Reviewed by

Christopher Armstead

It’s silly to ‘review’ a Pixar animations studios film because all of their films are great.  I’m really not one for generalizations and blanket statements as there is gray area in practically everything, but not this, not yet.  If over a period of twelve years you have done something that is excellent every single time, what is there that’s going to lead me to believe that the next thing you do won’t be excellent as well?  For whatever reason ‘Cars’ received less than grand critical praise and why that would be is beyond me as ‘Cars’ was easily one of the best films released in 2006 in my opinion, and that’s pretty much the only opinion that matters now isn’t it?  Perhaps the standards are now so high for this animation studio that simply being great isn’t good enough.  However when dealing with greatness there are still levels of it to be considered.  ‘Who’s the greatest running back?  Brown, Smith, Sanders, Payton, Simpson?  They’re all great but one has to be the greatest and one has to be the least great as well.  This brings us Pixar / Disney’s latest film ‘Ratatouille’ which is certainly as great as one would expect from Pixar and director Brad Bird, but is probably among the least great of the Pixar films.

Say hello to Remy.  Remy is a rat.  The reason rats aren’t cute and squirrels are, despite the fact they are separated by what I’m guessing is a quarter of a chromosome, is because of the tail.  One is fluffy and bushy and the other is long and skinny and nasty.  A hamster ain’t nothing but a rat with no tail and its way cuter than a rat.  I could be wrong, but I think Remy the rat is the first rat to ever be the star of an animated movie and not be portrayed as, well…. a rat – for lack of a better word.  Remy (voiced by Patton Oswalt) has a very refined smell and taste palette and would love to explore the magic of food.  His father Django (Brian Dennehey), who is the head of the brood of rats thinks that’s just plain silly and Remy should settle in, be a rat and eat garbage as rats are programmed to do.  Never one to conform, Remy along with his garbage loving

brother Emile (Peter Sohn), discover a cookbook by the great chef Gusteau (Brad Garrett) in the kitchen of the house the brood sometimes invades, and in between reading the book and watching The Food Channel, Remy has developed some rather divine culinary skills.  Unfortunately when the home owner finds rats in her kitchen all heck breaks loose and the rat brood is forced to flee for their lives.  Remy gets separated from the rest of the clan and finds himself in the hub of all great food, (Just ask any Frenchman) Paris, along with an imaginary apparition of the late great chef Gusteau who is along for the ride.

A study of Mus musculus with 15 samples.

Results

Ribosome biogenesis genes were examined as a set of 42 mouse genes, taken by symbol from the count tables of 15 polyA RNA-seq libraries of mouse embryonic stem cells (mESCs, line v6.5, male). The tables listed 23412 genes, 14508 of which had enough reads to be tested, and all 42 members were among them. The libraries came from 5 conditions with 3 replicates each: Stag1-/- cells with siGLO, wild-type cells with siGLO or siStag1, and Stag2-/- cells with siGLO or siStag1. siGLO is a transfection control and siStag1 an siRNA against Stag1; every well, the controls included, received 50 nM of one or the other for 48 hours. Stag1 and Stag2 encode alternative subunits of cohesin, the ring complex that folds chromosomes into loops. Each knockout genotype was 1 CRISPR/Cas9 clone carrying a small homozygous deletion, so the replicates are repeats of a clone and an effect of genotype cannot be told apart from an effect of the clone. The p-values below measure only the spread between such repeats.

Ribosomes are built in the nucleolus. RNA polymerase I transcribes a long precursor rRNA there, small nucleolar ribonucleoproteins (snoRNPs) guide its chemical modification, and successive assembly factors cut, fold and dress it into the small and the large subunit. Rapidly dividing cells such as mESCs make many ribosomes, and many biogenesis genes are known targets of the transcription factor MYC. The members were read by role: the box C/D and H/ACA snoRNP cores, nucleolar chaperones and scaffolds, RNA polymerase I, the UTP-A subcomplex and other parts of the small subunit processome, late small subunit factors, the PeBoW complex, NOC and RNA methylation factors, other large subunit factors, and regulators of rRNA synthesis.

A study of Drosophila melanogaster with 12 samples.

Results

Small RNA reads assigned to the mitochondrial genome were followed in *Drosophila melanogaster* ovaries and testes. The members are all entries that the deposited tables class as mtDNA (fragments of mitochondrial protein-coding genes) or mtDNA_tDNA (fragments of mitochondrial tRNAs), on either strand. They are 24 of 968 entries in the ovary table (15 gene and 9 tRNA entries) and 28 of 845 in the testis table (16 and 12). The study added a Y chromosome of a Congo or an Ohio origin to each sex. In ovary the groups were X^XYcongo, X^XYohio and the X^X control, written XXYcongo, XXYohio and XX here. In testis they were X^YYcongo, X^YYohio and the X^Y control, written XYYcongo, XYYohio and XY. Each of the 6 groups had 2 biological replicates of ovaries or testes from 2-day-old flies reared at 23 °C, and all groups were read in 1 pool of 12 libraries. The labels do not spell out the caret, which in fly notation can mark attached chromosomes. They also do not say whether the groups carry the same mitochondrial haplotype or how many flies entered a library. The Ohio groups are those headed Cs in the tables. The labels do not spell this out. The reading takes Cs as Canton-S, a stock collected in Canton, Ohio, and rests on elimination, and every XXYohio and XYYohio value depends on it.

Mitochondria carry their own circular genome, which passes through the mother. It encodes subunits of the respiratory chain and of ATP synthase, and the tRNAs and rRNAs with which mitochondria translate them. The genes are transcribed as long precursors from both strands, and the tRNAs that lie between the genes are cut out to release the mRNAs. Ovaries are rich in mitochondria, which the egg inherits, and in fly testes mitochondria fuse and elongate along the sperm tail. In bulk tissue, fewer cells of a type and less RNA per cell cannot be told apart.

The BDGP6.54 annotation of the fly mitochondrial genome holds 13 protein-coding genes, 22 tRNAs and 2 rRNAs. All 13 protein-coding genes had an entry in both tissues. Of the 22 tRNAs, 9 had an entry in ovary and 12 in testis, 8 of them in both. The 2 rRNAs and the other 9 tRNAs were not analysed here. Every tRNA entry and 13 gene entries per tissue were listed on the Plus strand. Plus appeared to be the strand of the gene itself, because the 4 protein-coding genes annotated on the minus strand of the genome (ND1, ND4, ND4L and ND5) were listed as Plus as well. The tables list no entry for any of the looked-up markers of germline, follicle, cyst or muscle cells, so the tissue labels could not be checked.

Remy decides to hang out at Gusteau’s restaurant which is now led by the scurrilous chef Skinner (Ian Holm) who has marketed Gustaeu’s great name to the frozen food section (horrors!).  Soon we meet the awkward and geeky Linguine (Lou Romano) who has just been hired as a clean up boy at the restaurant.  In a total accident Linguine screws up the soup to Remy’s terror who manages to fix the soup while Linguine watched in amazement just before it goes to the customers.  Naturally everyone thinks Linguine prepared the soup and this sets off the odd couple of the rat controlling the human while the human becomes the toast of Paris.  Of course there are conflicts as humans and rats generally don’t exist that well together, coupled with familiarity breeding contempt as Remy and Linguine lose and then attempt to re-discover their friendship, put behind them the fact that one is a rat and the other is an idiot and bring Gustaeu’s name back to its rightful glory.

So it is revealed to us that Linguine is actually Gustaeu’s illegitimate son, which got me to thinking who the heck was Gustaeu having premarital unprotected sex with?  THIS gets a G rating nowadays?  Ha!  Went all family values on you – didn’t expect that did you?  Anyway, Gustaeu’s lothario behavior aside, ‘Ratatouille’ is one seriously entertaining film.   Some things you just take for granted from Pixar, such as the animation being flawless and top notch, and incredible voice acting, including that provided by those we already mentioned as well as Jeneane Garafolo, Peter O’Toole, James Remar and Will Arnette are simply par for the course.  Where ‘Ratatouille’ really sets itself apart is in the humor, and not just the obvious slapstick gags, which itself was reminiscent of a ‘30’s ‘Laurel and Hardy’ film, but the clever witty stuff that is constantly coming at you and that you probably won’t be able catch completely until after multiple viewings. 

Yes, this is a great movie and will no doubt make most top ten lists at the end of the year, including mine – which is looking like faint praise so far in 2007.  So we’re clear that this is a good movie right?  It’s just that, as good as it is, it just didn’t ring that emotional bell, for me at least like ‘Finding Nemo’ did – sitting at number one on your Pixar animated films list.  Not being ‘Finding Nemo’ is no insult, as nothing is ‘Finding Nemo’.  I’m just saying.  So hear you go.  1) Finding Nemo. 2) The Incredibles 3)Cars (a tough one between the ‘The Incredibles’ and ‘Cars’) 4) Toy Story 2 5) Toy Story 6) Ratatouille 7) Monsters Inc. 8) A Bugs Life.  Does that mean ‘A Bugs Life’ is a bad movie?  Of course not, it’s just the least great.  Like Emmett Smith is.  Like Barry Sanders it the best.  With all due respect to old men and their undying love for Jim Brown.